No condemnation. Those are powerful words. We just don’t live them out well. We condemn ourselves for our faults. We condemn others for theirs.
What does it mean to be set free? This is not a small question. We often immediately say, free from sin. While that is correct, it is also utterly weak, thin, and a completely insufficient understanding.
Sin is “merely” an aspect of who we are. It is a big one. It is still only an aspect.
When we read Paul’s flesh versus spirit, we stick to these 2 concepts as if they are what Paul is talking about. We take Classical (or “Greek”) thought of spirit (good) and flesh (evil), setting aside that God created the flesh. Is it corrupt? Yes. Is it evil? No.
Flesh, in and of itself, is not evil. In fact, were we to take that perspective, the rest of Paul’s writings would be pointless. When Paul speaks of flesh, he speaks of the “way of the flesh”. The “way of the flesh” and flesh (our bodies) are not inherently the same. Confusing these two continue to be an issue in the church.
The opposite of the “way of the flesh” is the “way of the Spirit”. That’s readily apparent from Paul’s words, yet still, the concept of the flesh being tied to our body rather than the sinful ways of the world creates its own issues.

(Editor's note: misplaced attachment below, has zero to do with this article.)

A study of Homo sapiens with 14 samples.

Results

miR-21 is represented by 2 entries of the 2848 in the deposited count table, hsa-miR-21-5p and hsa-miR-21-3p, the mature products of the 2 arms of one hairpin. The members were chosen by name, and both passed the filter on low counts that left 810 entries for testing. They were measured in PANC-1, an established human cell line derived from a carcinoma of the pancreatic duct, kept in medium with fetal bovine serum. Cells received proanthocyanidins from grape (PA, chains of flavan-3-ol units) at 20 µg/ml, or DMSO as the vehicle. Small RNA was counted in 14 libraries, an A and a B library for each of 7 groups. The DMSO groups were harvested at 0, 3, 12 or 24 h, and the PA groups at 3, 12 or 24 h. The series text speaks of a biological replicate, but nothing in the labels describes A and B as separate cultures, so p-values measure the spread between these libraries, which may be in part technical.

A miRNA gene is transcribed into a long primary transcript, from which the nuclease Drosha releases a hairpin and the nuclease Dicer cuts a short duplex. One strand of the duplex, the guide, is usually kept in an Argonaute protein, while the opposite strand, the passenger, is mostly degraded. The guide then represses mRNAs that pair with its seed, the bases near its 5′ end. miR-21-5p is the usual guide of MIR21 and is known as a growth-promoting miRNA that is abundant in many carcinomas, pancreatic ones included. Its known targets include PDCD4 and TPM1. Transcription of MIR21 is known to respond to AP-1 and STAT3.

There are many body image issues out there. Some of them are weight. Some of them are premature balding. There a myriad of issues. Now we have the rise of gender dysphoria. It would be easy to condemn this as the “way of the flesh”, while it is in truth a cry of the soul.
There was a time where people damaged their bodies (sometimes call flagellants) for the “mortification” of the flesh. This is not a healthy view of the body. Some have taken it (tongue-in-cheek) to the point of saying, “the body is evil; kill it with alcohol.” Even the “world of the flesh” took this view to some degree.
The true danger of this view is that it actually lessens the apparent danger of the “way of the flesh”. If it is “just” our bodies, then our new “spirit” bodies will be fine, the ones we get after we die. This still puts Paul’s words into a place he didn’t intend. What happens after is more a matter of faith and speculation. Paul is referring to the now.
The “way of the flesh” is summed up in not submitting to God’s law. The “way of the spirit” is to submit. This also was the danger of circumcision. This was a different mortification of the flesh, yet it provided the same illusion.
The reality is, as implied in Paul’s letter to the Ephesians, the way of the spirit is a journey, not a destination. The way of the spirit goes the opposite direction of the way of the flesh. One goes toward God (and submission to God). The other goes away from God (and leads to rebellion to God).
2) Why might confusing “flesh” and “way of the flesh” an issue? How might it affect our Christian walk?